The responses to this scandal amazes me.  From a casual browsing of Facebook, responses range from harsh judgment, disgust to shock.  I want to address the shock because that is what I see most of all, especially by his former followers (yes, those people who enthusiastically went to his conferences when I was a teen).  Why should we be shocked?

The answer to such a question is mostly logical.  “He doesn’t practice what he preaches.”  That is probably the most common response from shocked followers.  Yet, Jesus had long talked about this problem in Luke 6.41-42.  Since I’m still writing my Chinese commentary on Luke’s Gospel, I will share my reflection on Jesus’ ethics here about not judging.

Against common and popular misconception, Jesus was not teaching a simplistic prohibition on judging.  Those who can read Chinese can read an excellent blog here on the Greek word study on judging.  If you don’t read Chinese, you don’t even need to read the blog to see that Jesus was not prohibiting judgment of any kind.  Rather, the verses in Luke 6.41-42 give the clear and proper context for making any kind of judgment.  Jesus observed that the plank in the judge’s eye would keep him or her from telling the fellow disciple that there was a speck in the person’s eye.  Notice that Jesus never denied that the speck was in the eye of the disciple.  He was clearly making a judgment call.  He was also noting that others could see the speck as well. Others were also making the judgment call.  Thus, judgment does take place in the process of this analogy.  How is this related to the shock responses to Gothard’s case?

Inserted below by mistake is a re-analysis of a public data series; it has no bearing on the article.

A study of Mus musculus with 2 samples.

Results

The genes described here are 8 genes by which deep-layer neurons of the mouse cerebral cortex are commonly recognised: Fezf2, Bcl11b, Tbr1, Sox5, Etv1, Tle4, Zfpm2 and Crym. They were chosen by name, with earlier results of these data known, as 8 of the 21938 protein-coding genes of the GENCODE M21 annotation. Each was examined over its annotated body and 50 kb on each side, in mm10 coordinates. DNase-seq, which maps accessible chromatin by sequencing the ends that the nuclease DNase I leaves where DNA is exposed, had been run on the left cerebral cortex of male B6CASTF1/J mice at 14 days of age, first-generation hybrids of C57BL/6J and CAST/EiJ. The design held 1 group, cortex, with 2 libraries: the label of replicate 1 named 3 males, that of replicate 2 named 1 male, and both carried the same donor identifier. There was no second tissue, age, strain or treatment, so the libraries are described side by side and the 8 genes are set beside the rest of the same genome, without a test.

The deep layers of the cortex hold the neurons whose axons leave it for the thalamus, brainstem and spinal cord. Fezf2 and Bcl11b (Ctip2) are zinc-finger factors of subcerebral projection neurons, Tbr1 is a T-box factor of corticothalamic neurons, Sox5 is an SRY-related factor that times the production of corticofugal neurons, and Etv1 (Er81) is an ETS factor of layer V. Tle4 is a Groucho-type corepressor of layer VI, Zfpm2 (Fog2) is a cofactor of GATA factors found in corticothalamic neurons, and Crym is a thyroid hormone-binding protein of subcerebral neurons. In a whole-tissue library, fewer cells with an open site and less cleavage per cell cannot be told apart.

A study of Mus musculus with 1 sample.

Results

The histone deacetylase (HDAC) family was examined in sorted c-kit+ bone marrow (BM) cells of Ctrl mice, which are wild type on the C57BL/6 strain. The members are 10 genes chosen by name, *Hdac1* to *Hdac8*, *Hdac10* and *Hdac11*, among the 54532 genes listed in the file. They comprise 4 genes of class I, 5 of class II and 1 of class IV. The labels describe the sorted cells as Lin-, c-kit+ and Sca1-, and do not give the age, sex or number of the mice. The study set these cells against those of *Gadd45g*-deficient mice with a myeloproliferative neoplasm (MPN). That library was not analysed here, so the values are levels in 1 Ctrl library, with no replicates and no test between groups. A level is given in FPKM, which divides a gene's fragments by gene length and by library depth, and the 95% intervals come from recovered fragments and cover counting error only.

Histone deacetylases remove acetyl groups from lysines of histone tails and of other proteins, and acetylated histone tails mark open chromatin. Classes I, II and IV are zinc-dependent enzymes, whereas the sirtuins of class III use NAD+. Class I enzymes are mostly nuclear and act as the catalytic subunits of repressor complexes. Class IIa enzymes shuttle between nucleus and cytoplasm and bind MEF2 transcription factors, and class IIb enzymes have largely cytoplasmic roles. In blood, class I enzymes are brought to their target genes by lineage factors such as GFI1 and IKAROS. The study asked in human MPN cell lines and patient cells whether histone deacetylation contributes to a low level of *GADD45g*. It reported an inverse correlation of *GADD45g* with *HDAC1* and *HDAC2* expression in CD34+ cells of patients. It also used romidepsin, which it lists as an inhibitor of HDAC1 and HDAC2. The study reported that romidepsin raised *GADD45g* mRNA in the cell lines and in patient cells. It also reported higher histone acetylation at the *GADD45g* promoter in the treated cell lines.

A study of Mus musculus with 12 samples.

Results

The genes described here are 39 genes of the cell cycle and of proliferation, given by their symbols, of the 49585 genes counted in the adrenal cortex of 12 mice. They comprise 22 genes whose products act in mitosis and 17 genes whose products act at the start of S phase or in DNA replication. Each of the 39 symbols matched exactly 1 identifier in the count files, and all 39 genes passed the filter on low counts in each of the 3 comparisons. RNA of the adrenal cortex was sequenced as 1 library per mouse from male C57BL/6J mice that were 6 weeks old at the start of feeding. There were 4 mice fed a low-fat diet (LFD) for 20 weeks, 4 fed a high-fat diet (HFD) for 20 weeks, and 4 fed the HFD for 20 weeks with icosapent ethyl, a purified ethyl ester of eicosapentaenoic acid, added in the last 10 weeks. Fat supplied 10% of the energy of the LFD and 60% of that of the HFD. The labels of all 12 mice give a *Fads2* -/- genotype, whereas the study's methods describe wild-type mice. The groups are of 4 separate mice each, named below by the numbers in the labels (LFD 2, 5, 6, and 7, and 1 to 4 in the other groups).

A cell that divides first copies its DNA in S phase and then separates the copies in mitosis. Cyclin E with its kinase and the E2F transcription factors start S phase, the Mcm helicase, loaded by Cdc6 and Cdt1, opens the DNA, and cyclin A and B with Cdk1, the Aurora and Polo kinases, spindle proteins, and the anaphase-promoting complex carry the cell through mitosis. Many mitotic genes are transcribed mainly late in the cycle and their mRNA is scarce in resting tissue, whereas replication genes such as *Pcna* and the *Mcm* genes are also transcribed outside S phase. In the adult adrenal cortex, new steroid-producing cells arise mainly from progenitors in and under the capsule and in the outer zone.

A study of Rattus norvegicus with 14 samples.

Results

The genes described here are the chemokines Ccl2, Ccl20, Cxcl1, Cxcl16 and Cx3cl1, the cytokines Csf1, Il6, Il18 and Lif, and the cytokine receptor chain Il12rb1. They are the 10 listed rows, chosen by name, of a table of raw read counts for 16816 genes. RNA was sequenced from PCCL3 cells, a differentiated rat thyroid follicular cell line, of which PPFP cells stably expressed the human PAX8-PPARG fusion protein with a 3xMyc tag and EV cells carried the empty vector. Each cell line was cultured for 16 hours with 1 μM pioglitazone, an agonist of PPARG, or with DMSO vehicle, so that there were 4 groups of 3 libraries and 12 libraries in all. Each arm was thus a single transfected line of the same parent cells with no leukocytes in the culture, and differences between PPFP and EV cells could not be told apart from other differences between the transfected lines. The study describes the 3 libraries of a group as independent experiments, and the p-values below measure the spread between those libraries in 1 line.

It is related in the following way.  First, we must assume that the plank and speck were made of the same material when Jesus spoke.  Jesus was not talking about different sins. He was talking about sins of the same nature but of different degree.  Obviously, the plank in one’s eye is very serious, so serious that it is deadly.  Having a plank in one’s eye would essentially kill the person.  In Luke 6.37, Jesus said, “Do not judge or you will be judged.”  Surely, you will be judged simply because you’re committing the same fault to a greater degree.  This next part is the part that many popular readers of this analogy misses.

Second, Jesus was making a simple observation about religious people who judge.  Whatever sin issues one is obsessed with is often the mirror of one’s own equally huge shortfall IN THE SAME SIN.  In other words, Gothard has been quite obsessed with moral purity (i.e. the specks in the eyes of others) but that obsession precisely mirrors his own shortfall in a larger degree (i.e. the plank in his own eye).  By denouncing problems in others, many Christian teachers deflect the attention on their own exact but more serious problems.  Jesus had long observed this problem.  If his followers would read a little closer what Jesus taught, then the shock factor ought to be replaced by caution.  I’m not saying that every time we make a judgment call on moral and social issue, we’re guilty of the same thing to a larger degree, but Jesus does make us think, doesn’t he?  It’s no better time to think than now.

What occupies your sin radar today?  Is all we have left these days is “Lust, Caution”?  I’m shocked that you’re shocked.